Women in Trouble: The Twelve Rooms of the Nile

The Twelve Rooms of the Nile
Enid Shomer
Simon and Schuster, August 2012
464 pages

In 1873, newlyweds Henry and Clover Adams hired a dahabiyah to sail down the Nile, past the ancient temples and ruins from Philae to Abu Simbel. As Natalie Dykstra writes in her biography of Clover Adams (reviewed for the Ploughshares blog here),  “Clover made an important transition on the Nile…It was as if she herself had risen to a new dawn.”

Consulting the same Murray guidebook, and on the brink of their own “new dawn,” Gustave Flaubert and Florence Nightingale made a similar trek through Egypt twenty years before the Adams honeymoon. Though records suggest Flaubert and Nightingale might have at most glimpsed one other from separate boats, in The Twelve Rooms of the Nile, the gorgeous debut novel by Enid Shomer, a poet and winner of the Iowa Fiction Prize, the two do meet, and a brief but ardent friendship sparks between them—at a time before Flaubert became the father of the modern novel and Nightingale the mother of modern nursing. At a time, as Shomer puts it, when they lived “both of them with the candor and intensity of the condemned… condemned to live as either a misfit or a failure.”

Shomer plumbs the uglier “corners of the soul,” capturing Flo’s priggishness and Gustave’s dissipation—and the unchecked Eurocentrism of both—with compassion and humor. Strapped with frustrated ambitions, both are occasionally unlikable, and their friendship doesn’t start easily: Flo is self-righteous and Gustave, insincere. Though he doesn’t feel any romantic love for his “Rossignol,” Gustave still daydreams about her breasts “with nipples, he guessed, the color of stewed prunes”; and as befits a Victorian virgin, Flo’s body was “a small Antarctica, where she didn’t trespass.” “Each time they met, they had to reestablish their footing, treading carefully,” Gustave thinks. “So exhausting, so much precision required!” Shomer skillfully calibrates these difficult figures—outsiders at home and outsiders abroad—into a wonderfully complicated and passionate friendship.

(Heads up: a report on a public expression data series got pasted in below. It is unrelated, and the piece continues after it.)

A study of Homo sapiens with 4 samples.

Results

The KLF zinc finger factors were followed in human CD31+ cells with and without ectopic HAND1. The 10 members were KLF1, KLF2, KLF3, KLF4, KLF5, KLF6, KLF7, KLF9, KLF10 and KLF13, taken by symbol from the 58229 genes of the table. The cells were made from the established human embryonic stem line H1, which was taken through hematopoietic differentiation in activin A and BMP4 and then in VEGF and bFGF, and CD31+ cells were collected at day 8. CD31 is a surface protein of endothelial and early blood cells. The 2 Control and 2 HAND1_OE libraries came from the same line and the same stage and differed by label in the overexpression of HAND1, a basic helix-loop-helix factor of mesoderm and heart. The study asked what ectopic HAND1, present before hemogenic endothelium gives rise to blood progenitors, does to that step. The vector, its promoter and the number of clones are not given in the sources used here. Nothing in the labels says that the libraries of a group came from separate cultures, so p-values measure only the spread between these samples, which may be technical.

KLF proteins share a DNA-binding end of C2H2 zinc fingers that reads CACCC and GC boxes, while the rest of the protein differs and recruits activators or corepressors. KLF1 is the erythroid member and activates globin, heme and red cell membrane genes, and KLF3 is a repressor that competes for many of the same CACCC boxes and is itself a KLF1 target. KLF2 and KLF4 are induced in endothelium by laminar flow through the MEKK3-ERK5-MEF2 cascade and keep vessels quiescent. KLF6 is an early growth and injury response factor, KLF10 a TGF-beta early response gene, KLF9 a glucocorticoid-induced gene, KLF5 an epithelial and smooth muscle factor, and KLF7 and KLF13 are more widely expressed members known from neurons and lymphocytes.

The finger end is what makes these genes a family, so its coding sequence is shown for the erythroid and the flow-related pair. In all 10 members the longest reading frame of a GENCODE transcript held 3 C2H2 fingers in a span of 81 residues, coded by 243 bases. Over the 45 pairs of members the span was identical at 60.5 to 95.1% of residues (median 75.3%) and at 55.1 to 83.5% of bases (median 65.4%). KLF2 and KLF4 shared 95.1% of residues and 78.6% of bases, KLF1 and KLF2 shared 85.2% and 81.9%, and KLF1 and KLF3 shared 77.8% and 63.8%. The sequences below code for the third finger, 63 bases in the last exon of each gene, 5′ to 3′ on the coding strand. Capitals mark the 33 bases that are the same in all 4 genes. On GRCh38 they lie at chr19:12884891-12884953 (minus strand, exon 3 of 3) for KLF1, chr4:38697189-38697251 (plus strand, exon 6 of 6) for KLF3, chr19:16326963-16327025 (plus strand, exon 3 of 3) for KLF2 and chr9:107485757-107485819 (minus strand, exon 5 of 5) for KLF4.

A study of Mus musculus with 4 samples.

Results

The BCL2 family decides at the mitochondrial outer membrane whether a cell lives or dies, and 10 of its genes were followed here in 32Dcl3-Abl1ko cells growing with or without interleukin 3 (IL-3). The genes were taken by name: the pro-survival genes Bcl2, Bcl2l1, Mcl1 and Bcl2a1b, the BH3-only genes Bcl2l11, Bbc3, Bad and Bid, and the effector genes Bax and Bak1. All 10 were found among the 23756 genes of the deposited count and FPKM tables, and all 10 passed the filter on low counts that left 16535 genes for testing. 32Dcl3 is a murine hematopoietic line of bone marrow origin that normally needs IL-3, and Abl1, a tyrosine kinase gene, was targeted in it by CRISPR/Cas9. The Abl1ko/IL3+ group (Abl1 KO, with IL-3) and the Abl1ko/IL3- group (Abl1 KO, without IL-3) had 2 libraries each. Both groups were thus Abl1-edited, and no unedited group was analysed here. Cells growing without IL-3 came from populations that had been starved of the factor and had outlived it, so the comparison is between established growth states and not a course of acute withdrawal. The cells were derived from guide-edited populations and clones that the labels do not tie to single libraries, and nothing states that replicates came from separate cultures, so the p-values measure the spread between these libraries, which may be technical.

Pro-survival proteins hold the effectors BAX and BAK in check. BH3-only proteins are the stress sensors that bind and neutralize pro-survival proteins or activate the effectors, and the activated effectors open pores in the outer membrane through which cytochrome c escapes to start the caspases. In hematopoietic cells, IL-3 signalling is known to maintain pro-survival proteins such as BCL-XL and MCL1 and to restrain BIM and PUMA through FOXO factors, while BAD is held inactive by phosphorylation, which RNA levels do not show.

Gustave is in Egypt to flee the “gingerbread morality” that bedevils him in Rouen, while Flo is trying to escape her family, “the blood mob,” at Embley Park. During their cruise, Flo and Gustave are freed from the bourgeois demands of the class they both loathe—but which nonetheless makes their luxurious adventures possible. Sometimes they rebel against their affluence (“We are both prisoners of our privilege,” Gustave declares), and sometimes they embody it (“Egypt would be an exquisite country were it not for the Egyptians who lived there,” Flo thinks).

As a result, The Twelve Rooms of the Nile is a fascinating and intelligent exploration of class during the age of colonialism—especially well developed is Flo’s uncomfortable yet affectionate rapport with her servant, Trout—but the high-minded worldliness of Shomer’s privileged tourists, and their ambivalence toward the wealth that makes their travel possible, will surely resonate with postcolonial readers. From Flo’s rapturous vision of God’s call to service, to Gustave’s raki-fueled benders in Egyptian brothels, Shomer depicts a strange and erotic nineteenth century that, despite its exotic setting, looks remarkably like our own.